FCC Commissioner Robert McDowell made it clear Thursday that he remains opposed to the substantive underpinnings of the FCC Democratic majority's proposal to expand and codify network neutrality principles.
Speaking at an Institute For Policy Communications Summit in Washington, McDowell pointed out that while he had voted to initiate the rulemaking, he has never voted against doing so in his tenure, saying it was important to be part of the process. But he also emphasized that he had dissented from the proposals themselves, and said he hoped all the commissioners minds "can be changed purely on the basis of the facts and the law."
McDowell pointed out that a 2007 FCC study concluded there was no systematic broadband market failure, and the same year the Federal Trade Commission concluded unanimously that no market failure to the degree that warranted new regulations existed. He pointed out that the net neutrality NPRM contained no market analysis backing up the proposed need for dramatic change in policy.
More recently, though, FTC Chairman Jon Leibowitz weiged in in support of the network neutrality proposal in a letter to the Washington Post.
He said the few incidents of "troublesome actions"--Comcast's BitTorrent management/blocking is arguably the highest profile--have been resolved and, given the number of Internet communications occurring every day, asked whether that was enough evidence to prove the Internet is breaking and needs more regulation.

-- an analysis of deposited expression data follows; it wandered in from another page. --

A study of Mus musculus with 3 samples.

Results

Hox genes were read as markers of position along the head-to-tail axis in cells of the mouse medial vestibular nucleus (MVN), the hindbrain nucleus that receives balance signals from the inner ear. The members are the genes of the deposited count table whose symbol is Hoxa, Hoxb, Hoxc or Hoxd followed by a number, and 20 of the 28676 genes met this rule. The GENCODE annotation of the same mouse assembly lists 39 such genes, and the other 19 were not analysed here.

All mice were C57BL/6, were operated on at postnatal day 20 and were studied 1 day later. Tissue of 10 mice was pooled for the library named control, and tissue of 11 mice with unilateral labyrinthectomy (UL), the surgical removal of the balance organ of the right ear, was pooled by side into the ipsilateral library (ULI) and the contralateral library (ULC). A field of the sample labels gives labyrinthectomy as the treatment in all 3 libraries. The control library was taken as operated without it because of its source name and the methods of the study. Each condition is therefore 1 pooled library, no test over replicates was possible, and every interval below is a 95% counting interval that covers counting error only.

He said broadband has grown, as has competition, since the FCC decided, and the Supreme Court agreed, that cable modem service should be redefined as an information service free of the mandatory open access regulations applied to telecommunications services.
He echoed warnings about whether the government would be the best way to fix any problems even if they did surface. "The evolution away from government intervention has been the most important ingredient in the Internet's success," he said. Other echoes included that any such rules should apply to applications as well as networks, and that the country must be careful not to send a signal internationally that the government is regulating the Internet.
FCC Chairman Julius Genachowski has countered that the proposal should be focused on the network "gatekeepers," and said at the meeting launching the NPRM that no other country should read this as government control of the Internet, instead saying it was an effort to preserve its openness and innovation.
McDowell gave a "wing and a prayer" assessment of the FCC's creation of a national broadband deployment plan, due to Congress in February. The plan is for how to get broadband to places where it isn't, or there isn't enough of it, and getting more people to use it in places where it is. "In some ways, we are trying to land an airplane on a distant foggy runway without having all of the needed navigation gear," he said. That is because while the plan is due in less than a hundred days, congressionally-mandated broadband mapping that will identify where and what broadband service is being offered doesn't have to be finished until February 2011, a year after the plan is due. "Welcome to Washington," he said.